Plant of the Week: Triostar (Tricolor)
Latin: (Triostar) (Stromanthe sanguinea)
I write these columns because I want to learn more about the plants that surround me. One plant that I've had for years and never knew much about is one I call "Tricolor," a shorthand name used by greenhouse growers for this tough member of the prayer plant family.
The plant in question is a variegated selection of a tropical plant from Brazil called Stromanthe sanguinea. The correct cultivar name for this colorful cream, pink, green and maroon leafed plant is 'Triostar' but most American sources offer it as "Tricolor." The variegation pattern varies from leaf to leaf with some almost completely devoid of chlorophyll; some are half variegated while others have variegation patterns of various widths down the leaf. The backside of the leaf is a rich maroon with variegated portions a bright pink.
Tricolor is a frost-tender herbaceous perennial with short, creeping stems that can reach 5 feet tall in a tropical climate but usually is between 18 to 30 inches tall in containers or when used in the summertime garden. Most of the foliage arises from the crown of the plant with foot-long leaves produced at the ends of long petioles.
Between the leaf blade and the petiole is a swollen BB-sized lump called the pulvinus. Using a pair of specialized pigments (phytochrome and cryptochrome) that absorb only part of the light spectrum, the pulvinus helps orient the leaf according to the time of the day. At night, the leaf moves to an east-facing position to catch more of the early morning sun. As the day gets hotter, the pulvinus moves the leaf to an upright position so that the tip end of the leaf is exposed to the sun and the flat part of the leaf blade is protected.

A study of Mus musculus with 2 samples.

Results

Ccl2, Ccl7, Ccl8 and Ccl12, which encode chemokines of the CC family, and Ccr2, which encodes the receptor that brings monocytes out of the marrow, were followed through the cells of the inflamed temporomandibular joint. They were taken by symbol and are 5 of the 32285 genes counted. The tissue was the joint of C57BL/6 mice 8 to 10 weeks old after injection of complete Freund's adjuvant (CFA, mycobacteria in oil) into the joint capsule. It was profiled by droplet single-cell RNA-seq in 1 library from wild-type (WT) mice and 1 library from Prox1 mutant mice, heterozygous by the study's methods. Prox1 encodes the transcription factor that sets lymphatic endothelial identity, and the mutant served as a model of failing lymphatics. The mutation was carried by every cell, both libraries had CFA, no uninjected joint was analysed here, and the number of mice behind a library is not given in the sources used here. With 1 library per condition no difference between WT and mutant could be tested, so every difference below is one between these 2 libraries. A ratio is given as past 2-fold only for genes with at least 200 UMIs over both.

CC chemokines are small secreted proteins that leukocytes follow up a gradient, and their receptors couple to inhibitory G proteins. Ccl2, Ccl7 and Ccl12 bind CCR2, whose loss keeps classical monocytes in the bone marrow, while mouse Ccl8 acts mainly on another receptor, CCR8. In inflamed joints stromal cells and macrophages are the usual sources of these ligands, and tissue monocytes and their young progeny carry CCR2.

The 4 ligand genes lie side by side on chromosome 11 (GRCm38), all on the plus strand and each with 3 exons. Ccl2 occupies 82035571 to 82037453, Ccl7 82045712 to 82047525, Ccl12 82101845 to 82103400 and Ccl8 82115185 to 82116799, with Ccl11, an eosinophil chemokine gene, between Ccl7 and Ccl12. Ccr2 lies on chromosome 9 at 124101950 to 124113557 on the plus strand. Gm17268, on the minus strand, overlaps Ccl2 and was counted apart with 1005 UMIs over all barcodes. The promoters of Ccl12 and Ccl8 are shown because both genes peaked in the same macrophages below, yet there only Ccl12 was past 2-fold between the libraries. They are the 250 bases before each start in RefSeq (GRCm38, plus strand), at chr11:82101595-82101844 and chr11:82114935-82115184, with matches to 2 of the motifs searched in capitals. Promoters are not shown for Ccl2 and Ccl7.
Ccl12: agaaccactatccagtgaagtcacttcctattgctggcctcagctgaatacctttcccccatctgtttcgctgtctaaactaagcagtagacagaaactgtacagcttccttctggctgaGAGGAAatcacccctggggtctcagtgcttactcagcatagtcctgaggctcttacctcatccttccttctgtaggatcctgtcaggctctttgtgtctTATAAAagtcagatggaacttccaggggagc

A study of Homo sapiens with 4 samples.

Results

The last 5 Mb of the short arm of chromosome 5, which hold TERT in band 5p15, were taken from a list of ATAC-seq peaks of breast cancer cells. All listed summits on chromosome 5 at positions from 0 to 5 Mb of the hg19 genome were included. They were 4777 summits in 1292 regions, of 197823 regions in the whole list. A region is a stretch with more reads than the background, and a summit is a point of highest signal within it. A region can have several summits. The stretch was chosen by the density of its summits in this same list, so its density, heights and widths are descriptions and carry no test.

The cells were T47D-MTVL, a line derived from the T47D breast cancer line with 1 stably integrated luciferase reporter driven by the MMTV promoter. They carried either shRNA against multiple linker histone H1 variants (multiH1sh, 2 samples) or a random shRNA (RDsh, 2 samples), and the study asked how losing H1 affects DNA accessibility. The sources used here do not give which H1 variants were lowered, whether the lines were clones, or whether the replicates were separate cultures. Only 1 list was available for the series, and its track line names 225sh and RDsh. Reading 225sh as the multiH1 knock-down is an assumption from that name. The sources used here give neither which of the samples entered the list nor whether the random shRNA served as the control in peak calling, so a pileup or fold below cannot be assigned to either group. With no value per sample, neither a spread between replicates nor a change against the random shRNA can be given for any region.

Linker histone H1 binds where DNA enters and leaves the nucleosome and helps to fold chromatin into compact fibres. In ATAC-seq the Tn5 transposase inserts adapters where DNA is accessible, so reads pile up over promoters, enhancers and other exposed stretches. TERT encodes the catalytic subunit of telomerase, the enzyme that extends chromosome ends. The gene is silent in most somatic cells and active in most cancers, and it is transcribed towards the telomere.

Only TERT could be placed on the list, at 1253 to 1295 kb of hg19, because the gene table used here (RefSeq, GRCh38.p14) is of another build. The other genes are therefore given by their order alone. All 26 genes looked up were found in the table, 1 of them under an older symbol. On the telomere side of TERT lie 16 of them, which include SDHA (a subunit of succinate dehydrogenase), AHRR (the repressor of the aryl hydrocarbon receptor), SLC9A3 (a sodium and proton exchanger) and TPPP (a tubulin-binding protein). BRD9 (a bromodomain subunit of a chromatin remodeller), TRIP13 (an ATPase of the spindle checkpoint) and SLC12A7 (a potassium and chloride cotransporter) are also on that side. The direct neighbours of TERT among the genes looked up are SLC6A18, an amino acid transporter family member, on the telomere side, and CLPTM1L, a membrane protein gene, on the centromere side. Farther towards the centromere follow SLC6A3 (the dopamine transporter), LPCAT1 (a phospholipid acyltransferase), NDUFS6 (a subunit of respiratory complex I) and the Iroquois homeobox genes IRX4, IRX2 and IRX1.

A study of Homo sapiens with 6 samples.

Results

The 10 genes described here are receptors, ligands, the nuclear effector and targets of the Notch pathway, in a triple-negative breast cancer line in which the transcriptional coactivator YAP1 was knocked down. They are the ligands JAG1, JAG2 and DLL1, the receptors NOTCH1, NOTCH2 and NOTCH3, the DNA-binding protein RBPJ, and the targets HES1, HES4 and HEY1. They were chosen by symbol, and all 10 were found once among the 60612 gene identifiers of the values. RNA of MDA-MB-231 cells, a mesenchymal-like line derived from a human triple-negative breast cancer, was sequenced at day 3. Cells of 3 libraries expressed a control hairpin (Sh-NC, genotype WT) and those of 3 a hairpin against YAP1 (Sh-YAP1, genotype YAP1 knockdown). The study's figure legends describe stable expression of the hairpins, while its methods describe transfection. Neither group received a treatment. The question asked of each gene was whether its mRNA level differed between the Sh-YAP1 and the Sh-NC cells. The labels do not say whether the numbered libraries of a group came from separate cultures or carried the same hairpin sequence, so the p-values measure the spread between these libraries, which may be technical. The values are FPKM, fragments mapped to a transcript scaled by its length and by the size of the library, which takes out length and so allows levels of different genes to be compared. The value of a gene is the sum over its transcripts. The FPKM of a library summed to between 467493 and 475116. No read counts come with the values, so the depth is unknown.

Members of the prayer plant (maranta) family all have a strong family resemblance, but three species - the Calathea, the Ctenanthe and the Stromanthe - seem to cause much confusion. All are widely scattered throughout the jungles of South America, and the differences between the species is most easily seen when plants are flowering, something that doesn't occur with great regularity in the greenhouse. To add to the confusion¸ Ctenanthe oppenheimiana has a variegated clone called "Tricolor." Both "Tricolors" are very similar in appearance but C. oppenheimiana has thinner, wirier petioles than S. sanguinea.
The technical differences between various members of the maranta family may seem like a moot point to the average gardener, but the differences are important because there are big differences in the cultural requirements of the plants. Over the years, I've tried most of the common species of fancy leafed Calathea, but all have failed because I overwinter my tropicals in a cold greenhouse that routinely dips to 40 degrees Fahrenheit. They suffer whenever temperatures fall below 60.
But not so with Ctenanthe burle-marxii and Stromanthe sanguinea 'Tricolor,' the two showy calathea-like plants I grow. Both tolerate the cold greenhouse temperatures without complaint and then lavish in the summertime heat and humidity of my garden. Gardeners from California to Florida report both to be cold tolerant, surviving temperatures out of doors as low as 25.
Tricolor is recommended for shady sites, but it will tolerate full sun if planted where it gets plenty of water. I use mine as an accent plant in the shade garden; in subtropical regions where it can be grown out of doors it's used as a tall groundcover. If used as a houseplant, grow it in at least an 8-inch pot and give it bright light out of direct sun. It has good drought tolerance but if it gets too dry marginal leaf burn can occur. Propagation is by springtime division before new growth starts.
By: Gerald Klingaman, retired
Extension Horticulturist - Ornamentals
Extension News - September 26, 2008
The University of Arkansas Division of Agriculture does not maintain lists of retail outlets where these plants can be purchased. Please check your local nursery or other retail outlets to ask about the availability of these plants for your growing area.